Today Art Basel, the world’s biggest and most important fair for modern and contemporary art, changed its dates from June to September, in response to the coronavirus. For the art world, this is a huge disruption to tradition: Art Basel, which dates back to 1970, and the annual trip to the tiny, charming canton of Basel in the summer is a fixture on the calendar. Certain images are inextricably linked to the fair: the cows in the field behind the Beyeler Collection; the requisite partying at the Campari bar; the velvet ropes outside the Three Kings (actually the velvet ropes are somewhat recent, but the hotel dates to the 17th century); the tram ride to the Schaulager, the Circus Knie, the sausages, the asparagus. Some of this will be the same in September, and some things will change. Below, a brief guide to just a few things that will change.
The fair will not coincide with asparagus season.
Why is this important? You will not see be able to put up Instagram posts picturing and rapturously describing your weißer Spargel.
It happens right before Expo Chicago.
Why is this important? Instead of going to London or Paris afterward (with maybe a stopover in the Alps) you will go to Chicago for the fair Expo Chicago, assuming it goes ahead as planned. This is a good thing. Chicago is an underrated art city. They have this, this, this, and this. Also this. Plus, this, this and this. In addition there is this and this. And don’t forget this!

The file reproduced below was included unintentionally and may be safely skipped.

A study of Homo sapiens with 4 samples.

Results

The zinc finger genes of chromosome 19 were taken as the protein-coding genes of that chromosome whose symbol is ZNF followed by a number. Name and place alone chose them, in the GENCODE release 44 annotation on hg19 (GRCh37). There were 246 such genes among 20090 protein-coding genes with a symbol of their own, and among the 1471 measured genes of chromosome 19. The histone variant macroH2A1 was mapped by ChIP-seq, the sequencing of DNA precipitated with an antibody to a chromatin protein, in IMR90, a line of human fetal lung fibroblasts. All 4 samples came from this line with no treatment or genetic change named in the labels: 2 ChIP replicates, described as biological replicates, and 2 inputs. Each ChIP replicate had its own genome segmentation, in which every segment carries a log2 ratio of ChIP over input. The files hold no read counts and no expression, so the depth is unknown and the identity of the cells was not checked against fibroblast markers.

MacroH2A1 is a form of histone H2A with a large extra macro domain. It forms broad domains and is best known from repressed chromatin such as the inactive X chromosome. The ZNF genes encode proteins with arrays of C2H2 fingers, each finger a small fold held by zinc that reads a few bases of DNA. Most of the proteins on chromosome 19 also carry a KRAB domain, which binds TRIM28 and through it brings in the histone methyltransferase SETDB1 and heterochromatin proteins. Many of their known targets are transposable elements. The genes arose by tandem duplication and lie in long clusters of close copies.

The fair will take place at the beginning of the art season, as opposed to near its end.
Why is this important? In June, the art world is starting to go into the mindset of summer vacation, Yes, there are still the auctions in London, as well as the Masterpiece fair there, but the warm weather spurs thoughts of August break. Correlatively, the results of Basel—who sold what—serve as something of a barometer for how the market is doing as things start to calm down. This time around, a couple weeks after Labor Day, the fair will be a big kick-off to the new season—offering clues as to where the market might be going rather than where it’s been. Recently the summer season has been stretching into September. Translation: a lot of dealers will be going straight from the Hamptons to their fair booths.
The month after the fair, many dealers will put up their most significant shows of the year.
Why is this important? It is well-known, at least in New York, that gallery shows in October have more weight than maybe any other on the calendar. So instead of getting ready for lighter-fare summer group shows, galleries at Art Basel will be gearing up to put on their heavy-hitters.
The Circus Knie will not be in town.
Why is this important? As any Art Basel veteran can tell you, one of the most familiar sights of the fair is the one across the Messeplatz, past the tram tracks, to the Circus Knie. The Circus only runs during summer months. This will be a disappointment to at least one art dealer: Dominique Lévy, co-proprietor of Lévy Gorvy, goes every year; she once had a job as a clown.